Black People Need To Pay More to Close Financial Dealings than Whites, Study


 African Americans still face discrimination in housing, education and career opportunities among others.  

In a recent study at New York University, researchers discovered one more area where racism determines the end result, financial dealings. 

The researchers found that black people needed to shell out more money to a white person to close a deal. People from other ethnic backgrounds were given better offers for similar deals.

 Researchers said that specific stereotypes or prejudices normally associated with black American men like 'aggression, hostility, and untrustworthiness' impacted their chances of securing a fair deal while negotiating with a white person.

The researchers arrived at the conclusion after asking 49 participants from different ethnic and racial backgrounds to participate in an 'ultimatum game', where players were asked to either refuse or accept offers of money.

The participants were segregated in pairs, where one was a proposer and was asked to split $10 with the partner. If the partner accepted the offer, the money would be split accordingly, but if it was rejected then the pair had to walk away empty handed.

The results, published in Psychological Science, a journal of the Association for Psychological Science, showed that overall the participants were more likely to accept an offer from a white proposer rather than a black one. The researchers also discovered that black people had to offer more money to make their partners accept a deal.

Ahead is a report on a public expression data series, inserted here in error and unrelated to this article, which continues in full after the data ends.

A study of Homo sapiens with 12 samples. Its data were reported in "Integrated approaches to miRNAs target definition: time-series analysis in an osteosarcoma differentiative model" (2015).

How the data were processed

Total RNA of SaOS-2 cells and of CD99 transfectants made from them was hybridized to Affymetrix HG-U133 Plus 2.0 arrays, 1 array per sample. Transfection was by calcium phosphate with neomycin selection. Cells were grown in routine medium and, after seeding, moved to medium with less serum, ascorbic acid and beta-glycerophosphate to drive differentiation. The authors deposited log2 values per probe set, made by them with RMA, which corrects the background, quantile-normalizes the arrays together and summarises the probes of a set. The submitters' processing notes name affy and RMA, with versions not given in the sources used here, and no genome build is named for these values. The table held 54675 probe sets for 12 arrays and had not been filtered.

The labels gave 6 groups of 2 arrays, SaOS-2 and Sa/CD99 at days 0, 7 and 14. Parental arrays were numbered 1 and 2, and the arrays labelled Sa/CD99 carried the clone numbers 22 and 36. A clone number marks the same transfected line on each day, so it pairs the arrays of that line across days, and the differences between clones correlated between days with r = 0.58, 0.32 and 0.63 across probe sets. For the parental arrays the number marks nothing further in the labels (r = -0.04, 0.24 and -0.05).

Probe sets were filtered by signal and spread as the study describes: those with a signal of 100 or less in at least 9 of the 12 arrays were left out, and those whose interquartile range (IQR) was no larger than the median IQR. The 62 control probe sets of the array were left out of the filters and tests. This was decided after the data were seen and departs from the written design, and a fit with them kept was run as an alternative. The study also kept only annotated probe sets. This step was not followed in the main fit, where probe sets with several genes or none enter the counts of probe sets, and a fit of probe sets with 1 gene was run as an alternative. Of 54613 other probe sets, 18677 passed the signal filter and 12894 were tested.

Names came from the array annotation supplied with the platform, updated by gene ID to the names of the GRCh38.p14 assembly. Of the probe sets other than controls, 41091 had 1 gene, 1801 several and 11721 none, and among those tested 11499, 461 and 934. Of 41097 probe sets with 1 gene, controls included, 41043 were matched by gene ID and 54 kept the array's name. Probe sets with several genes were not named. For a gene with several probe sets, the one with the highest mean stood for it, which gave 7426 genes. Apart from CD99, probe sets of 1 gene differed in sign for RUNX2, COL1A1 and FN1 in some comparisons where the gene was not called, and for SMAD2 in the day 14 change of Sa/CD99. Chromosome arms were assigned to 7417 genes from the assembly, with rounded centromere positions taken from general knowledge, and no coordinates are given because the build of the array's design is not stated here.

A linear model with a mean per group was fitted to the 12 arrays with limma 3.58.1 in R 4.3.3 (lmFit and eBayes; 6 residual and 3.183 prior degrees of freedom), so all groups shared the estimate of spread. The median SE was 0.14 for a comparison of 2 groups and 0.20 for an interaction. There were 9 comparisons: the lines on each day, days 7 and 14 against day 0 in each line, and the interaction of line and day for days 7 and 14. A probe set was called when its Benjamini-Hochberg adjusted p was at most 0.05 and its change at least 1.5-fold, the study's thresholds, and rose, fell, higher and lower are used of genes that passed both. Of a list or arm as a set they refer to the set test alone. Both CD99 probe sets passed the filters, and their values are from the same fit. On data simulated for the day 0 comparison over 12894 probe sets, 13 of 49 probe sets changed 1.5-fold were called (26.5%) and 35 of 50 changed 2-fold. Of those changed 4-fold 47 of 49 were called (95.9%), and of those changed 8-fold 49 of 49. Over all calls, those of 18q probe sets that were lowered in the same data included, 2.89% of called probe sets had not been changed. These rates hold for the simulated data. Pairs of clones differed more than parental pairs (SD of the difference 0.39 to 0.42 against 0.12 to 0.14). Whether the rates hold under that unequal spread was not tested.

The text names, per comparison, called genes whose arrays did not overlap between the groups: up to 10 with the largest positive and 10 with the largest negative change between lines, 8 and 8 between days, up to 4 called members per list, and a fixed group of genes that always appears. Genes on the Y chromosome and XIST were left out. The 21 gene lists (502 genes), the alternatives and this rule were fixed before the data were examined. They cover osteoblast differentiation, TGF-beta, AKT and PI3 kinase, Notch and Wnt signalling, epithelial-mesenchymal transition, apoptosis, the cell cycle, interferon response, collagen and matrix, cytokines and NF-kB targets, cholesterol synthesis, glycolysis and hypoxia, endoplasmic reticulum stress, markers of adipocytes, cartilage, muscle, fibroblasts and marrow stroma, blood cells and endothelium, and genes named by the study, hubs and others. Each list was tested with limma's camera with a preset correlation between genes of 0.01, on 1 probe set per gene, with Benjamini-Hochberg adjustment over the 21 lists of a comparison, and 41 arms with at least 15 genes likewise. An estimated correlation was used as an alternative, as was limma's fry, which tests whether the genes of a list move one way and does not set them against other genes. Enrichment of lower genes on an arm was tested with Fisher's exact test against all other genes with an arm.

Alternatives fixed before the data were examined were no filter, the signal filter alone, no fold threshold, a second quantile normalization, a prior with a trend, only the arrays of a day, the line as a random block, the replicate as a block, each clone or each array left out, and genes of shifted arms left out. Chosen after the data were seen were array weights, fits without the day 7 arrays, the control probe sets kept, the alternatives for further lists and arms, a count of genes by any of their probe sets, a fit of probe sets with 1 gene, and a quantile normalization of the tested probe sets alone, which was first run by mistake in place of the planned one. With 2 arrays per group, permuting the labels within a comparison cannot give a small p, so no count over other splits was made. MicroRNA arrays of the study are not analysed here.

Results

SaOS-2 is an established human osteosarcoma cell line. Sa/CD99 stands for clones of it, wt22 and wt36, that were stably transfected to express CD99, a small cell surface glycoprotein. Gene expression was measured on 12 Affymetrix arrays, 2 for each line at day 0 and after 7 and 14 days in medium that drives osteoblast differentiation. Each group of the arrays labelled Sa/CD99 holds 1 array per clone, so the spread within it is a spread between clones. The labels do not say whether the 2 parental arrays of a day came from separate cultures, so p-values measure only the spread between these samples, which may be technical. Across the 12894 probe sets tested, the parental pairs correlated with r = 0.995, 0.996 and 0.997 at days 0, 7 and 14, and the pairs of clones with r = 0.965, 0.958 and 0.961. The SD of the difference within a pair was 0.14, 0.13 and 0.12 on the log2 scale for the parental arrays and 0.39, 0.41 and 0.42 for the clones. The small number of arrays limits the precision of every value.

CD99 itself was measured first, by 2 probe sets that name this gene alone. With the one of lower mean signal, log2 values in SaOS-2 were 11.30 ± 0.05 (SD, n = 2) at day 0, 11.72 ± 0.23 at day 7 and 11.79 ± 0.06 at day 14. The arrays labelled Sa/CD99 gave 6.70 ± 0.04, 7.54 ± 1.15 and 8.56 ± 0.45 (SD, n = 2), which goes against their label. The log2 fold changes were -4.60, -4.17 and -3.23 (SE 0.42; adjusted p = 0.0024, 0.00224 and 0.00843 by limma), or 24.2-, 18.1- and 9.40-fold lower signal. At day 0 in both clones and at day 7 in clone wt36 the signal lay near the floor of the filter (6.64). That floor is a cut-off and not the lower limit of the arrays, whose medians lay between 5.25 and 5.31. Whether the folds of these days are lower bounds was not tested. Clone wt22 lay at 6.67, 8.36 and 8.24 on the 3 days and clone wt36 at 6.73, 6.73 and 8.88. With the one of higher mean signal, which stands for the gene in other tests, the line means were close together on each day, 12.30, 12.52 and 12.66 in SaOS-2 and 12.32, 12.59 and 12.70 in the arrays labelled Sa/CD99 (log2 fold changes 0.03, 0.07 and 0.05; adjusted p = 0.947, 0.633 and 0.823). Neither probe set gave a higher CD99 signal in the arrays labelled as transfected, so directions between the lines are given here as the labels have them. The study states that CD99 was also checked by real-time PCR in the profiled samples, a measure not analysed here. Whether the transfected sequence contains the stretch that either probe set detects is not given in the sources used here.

The study was inspired by the U.S. Government's debt ceiling debates in the summer of 2011.

"Many members of both the House and Senate seemed willing to incur costs that would hurt their own constituents in order to vote along political lines. The debate led us to wonder: Are people willing to punish members of another group when they perceive their behaviour as unfair, even when exacting that punishment comes at a personal cost?" Psychologist Dr Jennifer Kubota, who led the study, said in the journal.

"It has been suggested that race bias in economic decisions may not occur in a market where discrimination is costly, but these findings provide the first evidence that this assumption is false. Our work suggests that after offers are on the table, people perceive the fairness of those offers differently - even when they are objectively identical - based on race," said Kubota and Elizabeth Phelps of New York University.

"These findings may be especially relevant for legal and economic decisions and serve as a potential example of how people punish unfair or negative behaviour in real-life," Kubota and Phelps conclude.